I’ll be honest upfront. I didn’t expect much. But there was some level of excitement within my bones for 11.22.63, the new eight-part miniseries that premiered on Hulu this Monday. The excitement was because of the potential and everyone involved with the project. I champion James Franco and his funny man yet simultaneous artistic person, I love J.J. Abrams, I like Bryan Burk, and I love Stephen King with a burning passion. A lot of love there and a little bit of like. What could go wrong? That question popped into my head after seeing the first ads for the series, which seemed to be for a historical bore of a series with a smiley James Franco to pull in crowds. To make matters worse, why would Hulu, a streaming service that promotes binge-watching, decide to release one episode per week, eliminating the joy (sadness) of paying monthly for the service and being able to sit through five episodes of a new series in one sitting?
Many questions, many worries; but they practically evaporated after about ten minutes as this this terrific, eighty-minute kickoff episode pinned me to my seat and entertained me for its entirety, never getting tedious despite a could-be-dreadful running time. And it is a lengthy episode for TV standards, with most usually clocking in anywhere from forty-two minutes to sixty minutes, to sometimes even seventy. But this isn’t the first time a pilot episode has ran at eighty minutes (see Joss Whedon’s Firefly initiator ‘Serenity,’ which is eighty-six minutes), but it somehow finds a way of not feeling like a complete movie, despite being as long as one (factoring in the ads, if you don’t pay for the ad-free plan, you’re looking at a good ninety minutes). Instead, this series seems to be taking its time, something that is quite smart given the source material.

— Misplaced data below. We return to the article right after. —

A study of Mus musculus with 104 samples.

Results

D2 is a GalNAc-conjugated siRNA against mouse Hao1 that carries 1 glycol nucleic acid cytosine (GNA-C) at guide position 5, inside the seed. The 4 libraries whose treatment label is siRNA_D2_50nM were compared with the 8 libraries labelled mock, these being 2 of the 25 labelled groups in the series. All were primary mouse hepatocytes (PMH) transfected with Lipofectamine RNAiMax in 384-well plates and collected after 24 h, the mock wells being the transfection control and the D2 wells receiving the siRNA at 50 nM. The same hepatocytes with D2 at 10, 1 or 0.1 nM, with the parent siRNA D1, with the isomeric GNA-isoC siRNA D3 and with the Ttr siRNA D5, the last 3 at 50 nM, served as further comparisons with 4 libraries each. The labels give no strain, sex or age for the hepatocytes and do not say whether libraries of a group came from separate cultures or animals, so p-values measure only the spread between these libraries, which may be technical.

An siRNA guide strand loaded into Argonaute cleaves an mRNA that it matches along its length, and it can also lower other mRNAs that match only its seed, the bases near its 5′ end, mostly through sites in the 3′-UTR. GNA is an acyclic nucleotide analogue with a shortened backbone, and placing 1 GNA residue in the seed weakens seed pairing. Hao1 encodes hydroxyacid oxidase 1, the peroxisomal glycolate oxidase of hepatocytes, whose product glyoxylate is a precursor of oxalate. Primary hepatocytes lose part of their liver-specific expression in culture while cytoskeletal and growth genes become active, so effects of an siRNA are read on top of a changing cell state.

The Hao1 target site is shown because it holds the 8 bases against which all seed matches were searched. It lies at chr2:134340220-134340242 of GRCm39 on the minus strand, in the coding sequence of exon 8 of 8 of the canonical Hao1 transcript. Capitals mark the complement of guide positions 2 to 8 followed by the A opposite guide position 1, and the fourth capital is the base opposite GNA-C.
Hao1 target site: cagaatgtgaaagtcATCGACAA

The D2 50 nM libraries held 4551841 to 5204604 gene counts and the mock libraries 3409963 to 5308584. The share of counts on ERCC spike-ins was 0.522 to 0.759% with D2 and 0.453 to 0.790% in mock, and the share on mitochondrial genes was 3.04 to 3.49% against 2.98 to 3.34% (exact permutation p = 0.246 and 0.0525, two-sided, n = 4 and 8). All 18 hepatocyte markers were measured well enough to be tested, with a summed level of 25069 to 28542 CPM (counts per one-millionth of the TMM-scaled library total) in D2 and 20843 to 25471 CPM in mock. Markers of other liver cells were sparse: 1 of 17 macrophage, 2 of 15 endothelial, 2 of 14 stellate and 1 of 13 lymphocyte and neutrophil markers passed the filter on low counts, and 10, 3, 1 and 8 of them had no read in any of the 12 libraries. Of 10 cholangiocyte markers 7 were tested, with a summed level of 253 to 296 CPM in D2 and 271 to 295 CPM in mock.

I haven’t read all of Stephen King’s novels, but I’ve read my fair share, and from an author that wrote so many great and influential pre-2000s horror stories, I couldn’t believe it when I finished the last page of 11/22/63 and decided that it was, maybe, my favorite of his. Looking back, I’m not so sure I still think that, but it’s certainly up there with his absolute best works, and to take that lengthy brute of a book (eight-hundred and forty-five pages) and turn it into a mere two-hour film would be foolish. This is looking like it’s going to be a series that slows things down, examines King’s details, and takes its time with bringing his vision to life (there’s a nice Castle Rock reference, something of an in-joke in most of his novels that suggest they take place in the same universe).
I’ve read some reviews of the pilot (something I don’t normally do because I prefer examining films over single episodes of television series), and one of the major gripes critics seem to be having is the lead performance from James Franco. I may be biased here, but I didn’t think he did a poor job whatsoever in this role, and while when I read the novel I did picture this character to be older than Franco, I don’t think there’s anything in his performance that lowers anything of value in the show. If anything, I think he adds likability to the character that the script doesn’t really give us much backstory about.
But the best thing about it, in my opinion (and this goes for the book as well as the series), is that it’s sci-fi for people that love sci-fi and it’s sci-fi for people who despise it. It mainly finds itself in the 60s, as Franco’s James Epping sifts through this new world (to him) and attempts to find out who killed John F. Kennedy and prevent him from doing so. I think this is a series many elderly war-vets will love, especially the ones that find themselves watching American history related History Channel specials on repeat. This is, at its core, not science-fiction at all, but rather a story of identity, love, and worldviews, and I’m eager to see how the next seven episodes bring King’s beautiful tale to the screen. If the rest of the season is as good as this pilot episode, this may turn out to be a truly fantastic science-fiction series.